Tuesday, 8 April 2014

910 MANCHESTER ORCHESTRA, Gang Of Youths, Bristol Fleece, Monday 7 April 2014

Another occasion, another Manchester Orchestra gig! Last time out for this band of riff-heavy Alabama tunesmiths coincided with our 6th Wedding Anniversary; this time it was Rach’s birthday outing! This was a short small-venue tour to promote brand new album “Cope”, possibly their best and most consistently tuneful effort yet, so I was onto this before it could sell out, which it did – quickly!
The kids were on a sleepover at grandmas, so we had a leisurely departure to Bristol, driving into the setting sun on the M4 and parking up in time to join the queue to get in (!) following an overrunning soundcheck. We therefore had a lengthy wait for openers Gang Of Youths; a schizophrenic lot this both visually and sonically, not youthful but heavy on hair, beards and heft, their sound ranged from chugging Southern rawk, “Joshua Tree”-era U2 parched acoustic landscapes and (more often) Arcade Fire-esque textural rhythm and building crescendos, which suffered from a lack of evident tunes and overall cohesion. The kinetic, Jim Morrison lookalike vocalist was frequently understated and lost in the mix, and overall, though I really liked certain bits of certain of their often overlong songs, nothing stuck. Frustrating, really…
Took a loo break as the place filled to heaving point; with the loos now situated under the dressing rooms, I could clearly hear Manchester Orchestra vocalist Andy Hull going through his vocal scales in preparation for the performance. Professionalism, I like that. After another fiddly final set-up, the band emerged from the darkness at 9.40, powering immediately into the jagged riffery and primal screaming rush of “Shake It Out”, before following it up with their best number of the night, a brilliant “Pensacola”, the libidinous rhythm and stream of consciousness lyrics giving way to a huge terrace chant hook and massive, soaring chorus. “That was superb; have they gone too soon?” I asked Rach. I think our opinions differed on that…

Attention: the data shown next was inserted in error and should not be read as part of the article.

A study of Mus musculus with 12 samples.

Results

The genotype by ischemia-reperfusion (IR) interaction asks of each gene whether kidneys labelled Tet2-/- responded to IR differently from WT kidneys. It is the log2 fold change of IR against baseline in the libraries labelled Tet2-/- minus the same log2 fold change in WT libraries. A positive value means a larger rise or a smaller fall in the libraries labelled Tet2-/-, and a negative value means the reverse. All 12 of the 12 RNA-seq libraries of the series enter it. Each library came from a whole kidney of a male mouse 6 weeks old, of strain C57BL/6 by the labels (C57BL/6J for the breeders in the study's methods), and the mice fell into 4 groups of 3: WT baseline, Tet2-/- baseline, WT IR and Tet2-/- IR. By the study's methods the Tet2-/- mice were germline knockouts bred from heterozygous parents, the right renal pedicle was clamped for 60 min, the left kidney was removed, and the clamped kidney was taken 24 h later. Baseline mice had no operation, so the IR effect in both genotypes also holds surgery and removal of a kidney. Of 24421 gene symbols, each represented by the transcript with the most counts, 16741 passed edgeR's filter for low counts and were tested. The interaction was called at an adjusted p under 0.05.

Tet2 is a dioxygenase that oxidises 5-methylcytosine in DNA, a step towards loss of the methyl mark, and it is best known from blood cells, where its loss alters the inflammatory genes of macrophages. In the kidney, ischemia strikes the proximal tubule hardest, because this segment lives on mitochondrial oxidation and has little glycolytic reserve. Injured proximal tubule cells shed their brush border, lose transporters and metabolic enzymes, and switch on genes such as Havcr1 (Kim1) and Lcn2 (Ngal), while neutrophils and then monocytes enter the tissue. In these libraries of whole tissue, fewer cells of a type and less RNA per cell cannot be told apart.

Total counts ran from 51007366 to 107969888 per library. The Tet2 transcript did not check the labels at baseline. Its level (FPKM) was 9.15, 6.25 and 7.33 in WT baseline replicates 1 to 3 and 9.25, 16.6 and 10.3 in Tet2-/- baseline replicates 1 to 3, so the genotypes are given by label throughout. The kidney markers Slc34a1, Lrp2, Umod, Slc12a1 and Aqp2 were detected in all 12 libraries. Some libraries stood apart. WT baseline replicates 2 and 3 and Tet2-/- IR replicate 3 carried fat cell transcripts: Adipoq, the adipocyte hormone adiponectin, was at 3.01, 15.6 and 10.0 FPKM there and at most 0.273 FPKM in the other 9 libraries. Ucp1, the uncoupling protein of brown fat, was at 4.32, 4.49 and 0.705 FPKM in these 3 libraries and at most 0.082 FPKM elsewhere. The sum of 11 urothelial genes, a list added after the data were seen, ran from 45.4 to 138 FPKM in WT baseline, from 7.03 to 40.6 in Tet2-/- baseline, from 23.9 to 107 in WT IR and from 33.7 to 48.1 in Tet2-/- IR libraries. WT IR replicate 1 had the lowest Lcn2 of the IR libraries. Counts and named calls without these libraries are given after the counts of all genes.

At their best, Manchester Orchestra are a thunderously and thrillingly noisy riff-heavy monster, whilst still evoking the tuneful fuzzy psych-rock of the likes of Grandaddy, and the gregarious Hull is a proper singer with a high-end range which belies his bulk. However the mid-part of this set for me was slightly heavy going, with little variation in this mainly back catalogue material, the bludgeoning riffs following each other in all-too quick succession. However the devotional audience lapped it up, singing along raucously to each towering chorus, softly to the infrequent quieter breaks. Hull and the band were also enjoying themselves too, Hull particularly in fine, entertaining form; he quipped, “we booked up a load of small venues as we weren’t sure if anyone still gave a shit about our band,” then in response to a female fan shouting, “we love you!” he said, “thanks mum!” then, “if you hear a drunk [calling out] that’s my dad!”
The roaring singalong of “I’ve Got Friends” powered onto the comparatively almost delicate opening to “Colly Strings” before Hull celebrated reaching “no. 67!” with the title track of the new album, “Cope”. The set finished with a perfectly delivered a capella “The Party’s Over”, before the band went straight into the encore (“we’re only standing in that corner, what’s the point?”), Hull stating “I’m having fun – sometimes playing this depressing music can take it out of you!”, before kicking into the tumbling drums of “Top Notch”. The subsequent driving staccato-riff rhythm and cascading verse-line of the almost Nada Surf-like “Every Stone” was great, another highlight, before a final “Simple Math” segueing into the final half of “The Only One” (again not played straight! Darn!), rounded off an overall fine, fan-pleasing set which for me could’ve been better with more new numbers, with only 3 or 4 played off the new album tonight.
The evening ended on a couple of jarring notes, however; firstly their ignorant asshole of a roadie shaped up to get the drummers set-list for me following my polite request, then scrunched it up and hurled it into the far side of the crowd. Total self-important supercilious dick. Then, a lengthy and convoluted diversion back into the city (after we’d already left it!) took over 20 minutes to avoid a half-mile closure on the M32, getting us home at a bleary-eyed 12.30. Bah! Still, we’ll be back again for more Manchester Orchestra noise; next big occasion maybe?